A new study commissioned by Scotland’s Share & Repair Network, a project of Circular Communities Scotland, seems to show that the cost-of-living crisis is driving Scots to embrace share and repair projects in a bid to save money while also reducing waste.
Financial savings were the primary motivation for Scots considering using share and repair projects, with 61% of nation-wide respondents citing this as their main reason for considering alternatives to buying new.
Emma Erwin, Share and Repair Network Coordinator commented: “This study shows that the cost-of-living crisis is having a significant impact on how Scots consume and live their lives. Changing the way we shop can be a huge stress, but we can support people to find cheaper ways to live, that also happen to be more sustainable, like repairing or borrowing goods. There are lots of amazing community projects across Scotland that can facilitate this, so we’d encourage people to look them up via our network and access the resources best suited to their needs.”
The study reported that there is a broad range of items people will try and repair from small electrical items (57%) to jewellery (47%). 55% of people also indicated they would be prepared to repair clothing, perhaps indicating a willingness to move away from the fast fashion craze.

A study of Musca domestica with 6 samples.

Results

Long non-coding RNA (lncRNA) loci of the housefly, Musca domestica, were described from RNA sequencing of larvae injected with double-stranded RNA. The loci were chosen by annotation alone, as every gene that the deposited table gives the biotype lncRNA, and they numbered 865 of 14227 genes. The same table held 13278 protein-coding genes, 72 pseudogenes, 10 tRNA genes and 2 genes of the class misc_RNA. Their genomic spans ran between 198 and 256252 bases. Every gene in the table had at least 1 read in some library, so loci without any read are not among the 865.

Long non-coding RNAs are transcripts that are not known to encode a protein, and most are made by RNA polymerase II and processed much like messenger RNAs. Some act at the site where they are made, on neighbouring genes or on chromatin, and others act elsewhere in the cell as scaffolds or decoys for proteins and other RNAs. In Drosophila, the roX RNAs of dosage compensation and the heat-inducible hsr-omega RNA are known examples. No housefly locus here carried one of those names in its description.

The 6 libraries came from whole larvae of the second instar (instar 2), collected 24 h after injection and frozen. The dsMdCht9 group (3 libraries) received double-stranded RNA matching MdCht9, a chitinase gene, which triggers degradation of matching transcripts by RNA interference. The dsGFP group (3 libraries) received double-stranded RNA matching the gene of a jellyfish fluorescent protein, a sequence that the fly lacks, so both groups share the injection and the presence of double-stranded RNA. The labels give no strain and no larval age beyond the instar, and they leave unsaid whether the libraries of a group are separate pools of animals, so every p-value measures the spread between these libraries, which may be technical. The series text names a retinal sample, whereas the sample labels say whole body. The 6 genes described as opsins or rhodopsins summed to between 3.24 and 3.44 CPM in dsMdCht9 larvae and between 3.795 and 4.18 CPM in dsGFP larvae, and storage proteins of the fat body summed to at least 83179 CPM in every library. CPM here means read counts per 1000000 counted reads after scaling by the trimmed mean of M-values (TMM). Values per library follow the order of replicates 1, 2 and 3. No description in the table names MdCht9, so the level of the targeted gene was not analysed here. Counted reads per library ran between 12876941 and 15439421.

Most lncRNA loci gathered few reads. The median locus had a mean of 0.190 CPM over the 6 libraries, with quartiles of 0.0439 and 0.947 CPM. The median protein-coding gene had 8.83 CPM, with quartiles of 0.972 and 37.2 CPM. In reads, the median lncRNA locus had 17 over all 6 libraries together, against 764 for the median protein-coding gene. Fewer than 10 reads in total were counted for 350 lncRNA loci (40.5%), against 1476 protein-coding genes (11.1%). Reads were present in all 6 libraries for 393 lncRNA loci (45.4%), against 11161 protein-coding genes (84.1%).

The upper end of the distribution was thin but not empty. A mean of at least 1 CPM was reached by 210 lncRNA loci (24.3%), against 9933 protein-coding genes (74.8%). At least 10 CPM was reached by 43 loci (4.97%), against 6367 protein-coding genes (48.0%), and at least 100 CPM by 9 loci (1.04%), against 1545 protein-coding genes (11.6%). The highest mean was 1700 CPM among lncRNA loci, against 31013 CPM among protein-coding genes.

From Ayr to Aberdeen, there are more than 50 projects across Scotland that are members of the Share and Repair Network that help people live more sustainably. These consist of sharing libraries that allow users to borrow an item instead of buying one new and repair projects that help people to fix an item, instead of throwing it away.
Despite these extensive resources, the study also found that while many Scots were willing to repair items, a significant percentage were unaware of local repair initiatives.
Michael Cook, CEO at Circular Communities Scotland, stated: “The study’s findings show that sharing and repair projects in Scotland have positive implications simultaneously for Scotland’s sustainability agenda, and to ease the pressure of the cost-of-living crisis for communities. With many people willing to borrow and repair items but unaware of local initiatives, we will continue to promote our members work to help communities access these crucial resources.”
Using share and repair projects promotes a circular economy, where products are repaired, reused and recycled to keep them out of landfill for as long as possible.
Established and run by Circular Communities Scotland in collaboration with Edinburgh Tool Library and The Edinburgh Remakery, The Share and Repair network aims to support existing, and to encourage the establishment of new sharing libraries and repair projects across the country.
The Share and Repair Network is funded by the Scottish Government and Zero Waste Scotland and works to reduce consumption and cut waste in communities all over Scotland, contributing to Scottish Government’s ambition to achieve net zero emissions of all greenhouse gases by 2045.
For more information about the survey and to find a share and repair project in your area please visit www.shareandrepair.scot. To see the full report please visit https://www.circularcommunities.scot/wp-content/uploads/2023/04/Share-and-Repair-Network-Market-Research.pdf.